Transformative art

Transformative art

Surplus Katrina trailer turned garden on wheels debuts in Pasadena

By Joe Piasecki 07/16/2009


Directors of the local nonprofit Side Street Projects, the couple has developed programs that train adult and child artists in the practical and business skills needed to maintain a career in the arts and provide them with access to costly tools and equipment — all of it taking place in vehicles that have been converted into mobile arts laboratories. Their most widely known project, Alternate Routes, employs an old school bus to teach creative woodworking to elementary school students.

This week, Side Street will debut its latest resource on wheels: a government trailer that once housed victims of Hurricane Katrina but has been renovated into a community garden by a Massachusetts Institute of Technology architecture and design team.

The Armadillo, as it’s been dubbed, has room for as many as 400 plants and is also equipped to collect rainwater and produce compost.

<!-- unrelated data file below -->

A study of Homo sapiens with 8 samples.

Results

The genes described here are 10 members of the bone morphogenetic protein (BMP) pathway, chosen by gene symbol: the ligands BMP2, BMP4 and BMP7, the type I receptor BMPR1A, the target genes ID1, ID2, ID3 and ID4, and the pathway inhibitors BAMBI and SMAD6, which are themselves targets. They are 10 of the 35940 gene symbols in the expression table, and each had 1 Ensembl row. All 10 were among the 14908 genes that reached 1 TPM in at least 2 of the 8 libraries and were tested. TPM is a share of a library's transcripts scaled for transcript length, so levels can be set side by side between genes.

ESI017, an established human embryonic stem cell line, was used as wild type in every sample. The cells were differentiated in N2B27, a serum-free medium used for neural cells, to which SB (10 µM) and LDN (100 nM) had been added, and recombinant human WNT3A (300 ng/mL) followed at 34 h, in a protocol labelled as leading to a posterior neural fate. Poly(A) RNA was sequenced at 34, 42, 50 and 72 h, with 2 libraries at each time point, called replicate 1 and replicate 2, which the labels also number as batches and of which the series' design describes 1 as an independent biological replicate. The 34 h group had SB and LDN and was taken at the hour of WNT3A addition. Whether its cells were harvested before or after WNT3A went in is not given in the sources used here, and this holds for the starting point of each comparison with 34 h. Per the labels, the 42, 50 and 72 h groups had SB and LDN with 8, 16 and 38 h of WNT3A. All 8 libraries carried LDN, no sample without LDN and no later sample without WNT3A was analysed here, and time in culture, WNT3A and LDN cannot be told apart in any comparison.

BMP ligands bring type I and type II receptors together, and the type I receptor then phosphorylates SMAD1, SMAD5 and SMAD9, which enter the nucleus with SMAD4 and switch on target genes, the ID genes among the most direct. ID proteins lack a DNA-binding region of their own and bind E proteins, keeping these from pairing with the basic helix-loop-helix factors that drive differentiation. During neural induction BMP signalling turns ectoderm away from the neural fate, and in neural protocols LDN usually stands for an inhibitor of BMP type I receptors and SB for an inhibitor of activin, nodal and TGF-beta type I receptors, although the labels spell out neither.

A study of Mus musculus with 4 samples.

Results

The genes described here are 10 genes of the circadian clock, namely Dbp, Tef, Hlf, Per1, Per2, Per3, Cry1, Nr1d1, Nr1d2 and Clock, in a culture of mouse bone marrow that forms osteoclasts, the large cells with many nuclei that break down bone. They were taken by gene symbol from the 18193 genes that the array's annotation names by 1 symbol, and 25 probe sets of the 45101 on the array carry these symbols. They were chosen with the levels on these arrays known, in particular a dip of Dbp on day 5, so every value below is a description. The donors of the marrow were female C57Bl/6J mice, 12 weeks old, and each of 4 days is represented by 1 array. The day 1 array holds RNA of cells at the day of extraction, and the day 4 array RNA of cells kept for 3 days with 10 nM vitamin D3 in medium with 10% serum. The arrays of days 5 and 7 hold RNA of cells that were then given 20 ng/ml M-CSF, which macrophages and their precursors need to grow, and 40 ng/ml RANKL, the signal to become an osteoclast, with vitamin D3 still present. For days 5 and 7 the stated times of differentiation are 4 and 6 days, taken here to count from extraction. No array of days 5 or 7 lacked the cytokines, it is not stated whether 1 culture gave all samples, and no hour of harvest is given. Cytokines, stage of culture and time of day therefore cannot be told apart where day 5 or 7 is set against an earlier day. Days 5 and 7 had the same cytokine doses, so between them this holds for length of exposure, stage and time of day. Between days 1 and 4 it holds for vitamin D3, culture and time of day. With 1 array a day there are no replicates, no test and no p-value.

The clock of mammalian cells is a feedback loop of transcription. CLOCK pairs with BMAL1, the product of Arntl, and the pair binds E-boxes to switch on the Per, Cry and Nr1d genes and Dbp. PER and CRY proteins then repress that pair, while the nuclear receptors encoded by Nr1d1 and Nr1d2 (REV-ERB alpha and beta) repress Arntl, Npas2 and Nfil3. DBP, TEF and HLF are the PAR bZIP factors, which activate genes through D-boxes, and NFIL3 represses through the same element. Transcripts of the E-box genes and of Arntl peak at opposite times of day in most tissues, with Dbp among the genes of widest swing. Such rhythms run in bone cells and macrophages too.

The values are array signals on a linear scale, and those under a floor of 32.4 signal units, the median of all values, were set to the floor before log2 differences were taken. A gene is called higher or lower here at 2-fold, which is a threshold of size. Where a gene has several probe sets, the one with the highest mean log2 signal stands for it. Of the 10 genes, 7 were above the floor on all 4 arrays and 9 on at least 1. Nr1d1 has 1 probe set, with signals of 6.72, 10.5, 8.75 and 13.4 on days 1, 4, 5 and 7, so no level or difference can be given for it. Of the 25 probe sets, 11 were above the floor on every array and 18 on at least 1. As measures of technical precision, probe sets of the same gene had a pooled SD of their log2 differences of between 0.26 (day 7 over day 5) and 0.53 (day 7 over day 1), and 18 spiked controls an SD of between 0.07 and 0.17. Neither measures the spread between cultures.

From 11 a.m. to 3 p.m. Saturday, community members are invited to plant its inaugural herb garden, which will grow in pots from recycled two-liter plastic bottles hanging from racks on the trailer’s walls (bottle donations needed, says Lapointe).

“Art is very transformative, as is agriculture — turning nothing into something. We’ve always been interested in blurring the line between public art and public service,” says Lapointe, a CalArts graduate.

More than 90,000 surplus FEMA trailers currently sit unused in storage units and parking lots around the nation, but could be used as mobile classrooms or even shelter for the homeless, found MIT’s FEMA Trailer Project, which donated The Armadillo to the Pasadena nonprofit.

Using a biodiesel-fueled pickup truck purchased through a grant from the Pasadena Community Foundation, Lapointe and Hopkins recently hauled The Armadillo cross-country from MIT, stopping in New Orleans along the way.

“Why not encourage people to look at what other purposes these trailers could serve? They have an awful history, but if you look at them as artists you see so many possibilities. These could be a great resource,” says Lapointe, who plans to use The Armadillo as an educational resource for Pasadena-area schoolchildren.

To help plant The Armadillo, bring plastic bottles and a green thumb Saturday to the corner of Fair Oaks Avenue and Orange Grove Boulevard. Call (626) 798-7774 or visit sidestreet.org.